From the tasting team

Erin Larkin: a premium on WA cabernet

By Erin Larkin

Wine writer Erin Larkin shares a surprising trend from her tasting of WA cabernet for the annual Halliday Wine Companion.

Sitting on the other side of the ‘tasting season’, as I have started to call the busy period of reviewing for the Halliday Wine Companion, several facts are crystallising. One is that the price of wine, and particularly of cabernet, is higher than I thought. As samples were flooding in, I categorised the incoming wines into sections split out into variety first, followed by region and within that, price. As things got underway, the $10–20 shelf was essentially empty, and the $100-plus shelf overflowing. However, there was nowhere to put the fancy ones because the $30–50 category was bulging out in all directions. If you’d asked me before tasting what the most abundant price point was going to be, I would have said $15–30. So, a lot of premium wines, but is there value?

Close up of glasses of wine, such as cabernet, on a table during a wine tasting Erin Larkin sampled hundreds of cabernets from around WA in her tasting for the Halliday Wine Companion.

‘Value’ needs clarification, as it means different things to different people. Here, value does not refer to cheap or cheapest, but to bang for your buck.

If we look at the top 10 most expensive cabernets of 298 tasted, we will discover that nine come from Margaret River, the remaining wine (which screams in at eighth place) is from Frankland River. The 10 cheapest wines ($15–18) are more of a mixed bag: five come from Margaret River, four from the Great Southern, and one from Pemberton. Of the total 298 cabernets submitted, 107 were priced at $50 or more, with 27 of those over $100.

Of 218 Margaret River cabernets – a significant category in itself – 81 wines were priced at $50 or more, 38 at $40–49, 40 at $30–39, 52 at $20–29.50 and only six at $19 or less.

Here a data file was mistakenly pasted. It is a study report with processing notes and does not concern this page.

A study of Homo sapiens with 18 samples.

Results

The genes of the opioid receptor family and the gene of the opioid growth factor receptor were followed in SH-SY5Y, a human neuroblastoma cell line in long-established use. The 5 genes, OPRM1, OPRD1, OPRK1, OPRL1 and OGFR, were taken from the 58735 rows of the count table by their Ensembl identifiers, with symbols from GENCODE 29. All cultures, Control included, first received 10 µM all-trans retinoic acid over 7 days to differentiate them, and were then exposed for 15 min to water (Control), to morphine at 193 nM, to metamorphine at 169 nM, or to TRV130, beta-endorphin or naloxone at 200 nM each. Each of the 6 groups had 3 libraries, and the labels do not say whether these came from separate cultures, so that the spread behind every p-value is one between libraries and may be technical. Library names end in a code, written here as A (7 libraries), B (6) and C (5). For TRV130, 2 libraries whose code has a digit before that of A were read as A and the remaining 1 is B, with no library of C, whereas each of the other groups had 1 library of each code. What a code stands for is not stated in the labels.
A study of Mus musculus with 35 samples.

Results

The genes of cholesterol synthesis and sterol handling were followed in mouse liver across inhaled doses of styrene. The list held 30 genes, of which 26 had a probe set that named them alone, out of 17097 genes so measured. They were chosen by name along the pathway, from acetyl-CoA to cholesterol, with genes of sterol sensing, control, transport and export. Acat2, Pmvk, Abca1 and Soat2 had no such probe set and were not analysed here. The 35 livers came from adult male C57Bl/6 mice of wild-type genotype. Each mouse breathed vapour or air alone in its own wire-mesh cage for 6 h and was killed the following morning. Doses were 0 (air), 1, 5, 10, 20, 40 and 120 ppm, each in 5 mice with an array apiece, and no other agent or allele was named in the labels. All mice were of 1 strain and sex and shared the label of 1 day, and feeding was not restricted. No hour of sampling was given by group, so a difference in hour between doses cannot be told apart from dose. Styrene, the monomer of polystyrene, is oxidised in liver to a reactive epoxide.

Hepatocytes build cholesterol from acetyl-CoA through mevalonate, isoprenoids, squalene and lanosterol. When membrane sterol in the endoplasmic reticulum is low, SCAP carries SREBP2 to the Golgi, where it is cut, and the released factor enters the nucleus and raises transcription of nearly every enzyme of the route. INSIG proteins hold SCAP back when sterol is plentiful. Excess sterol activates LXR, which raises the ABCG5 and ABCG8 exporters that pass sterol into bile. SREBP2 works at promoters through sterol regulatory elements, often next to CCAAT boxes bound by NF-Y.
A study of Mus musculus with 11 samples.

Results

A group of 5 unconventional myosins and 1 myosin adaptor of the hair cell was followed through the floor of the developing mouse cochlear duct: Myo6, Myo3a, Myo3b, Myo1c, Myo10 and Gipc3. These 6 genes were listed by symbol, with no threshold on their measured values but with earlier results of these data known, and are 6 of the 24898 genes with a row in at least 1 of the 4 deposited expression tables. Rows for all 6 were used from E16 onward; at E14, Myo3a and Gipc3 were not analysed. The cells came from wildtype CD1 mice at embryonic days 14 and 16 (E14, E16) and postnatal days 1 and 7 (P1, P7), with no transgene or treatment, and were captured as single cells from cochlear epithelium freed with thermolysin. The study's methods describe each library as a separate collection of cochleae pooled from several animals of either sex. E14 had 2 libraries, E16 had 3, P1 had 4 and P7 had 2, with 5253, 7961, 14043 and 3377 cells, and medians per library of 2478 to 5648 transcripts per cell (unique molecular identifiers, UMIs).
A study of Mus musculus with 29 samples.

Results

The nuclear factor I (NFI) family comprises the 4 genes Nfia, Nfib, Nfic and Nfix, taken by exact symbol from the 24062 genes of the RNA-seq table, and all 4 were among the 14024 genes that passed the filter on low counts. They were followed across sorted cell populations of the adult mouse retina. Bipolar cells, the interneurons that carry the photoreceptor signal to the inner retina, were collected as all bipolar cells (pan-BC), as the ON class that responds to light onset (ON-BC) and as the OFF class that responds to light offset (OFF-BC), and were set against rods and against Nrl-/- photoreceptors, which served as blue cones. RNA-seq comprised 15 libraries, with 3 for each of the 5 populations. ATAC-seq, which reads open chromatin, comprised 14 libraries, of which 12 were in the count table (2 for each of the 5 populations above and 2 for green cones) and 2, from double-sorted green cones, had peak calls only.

What we know about the numbers:

• Not all producers who make cabernet submit their bottles to the Wine Companion, so the data set is inevitably incomplete.
• Not all producers who submitted to this tasting were tasted by me (such is the structure of the tasting panel, with James Halliday sampling a selection before I did), and as such, these were not included in this data set.
• Numbers are numbers, and while they wrap up the narrative, they aren’t the gift. The story, detail and individual wines are the heart.

What’s the point of all this? To circle back to the beginning, I had concerns that the perceived increase in the cost of cabernet might not be in step with rising quality. Oh boy, how wrong I was! It’s true that, on average, a 95-point cabernet will cost you $58.30 in WA, and the rarefied air of the top five cabernets in the state at 98 and 99 points are going to set you back, on average, $136 or more. I can assure you that these wines are scintillating, socks off, business time affairs that will have you wondering where and how you can procure third and fourth bottles. I didn’t want to award so many gold medals. I tried not to, but I couldn’t help it. Who am I to stand in the way of the truth? The below wines are each brilliant in their own way, and value is found among them.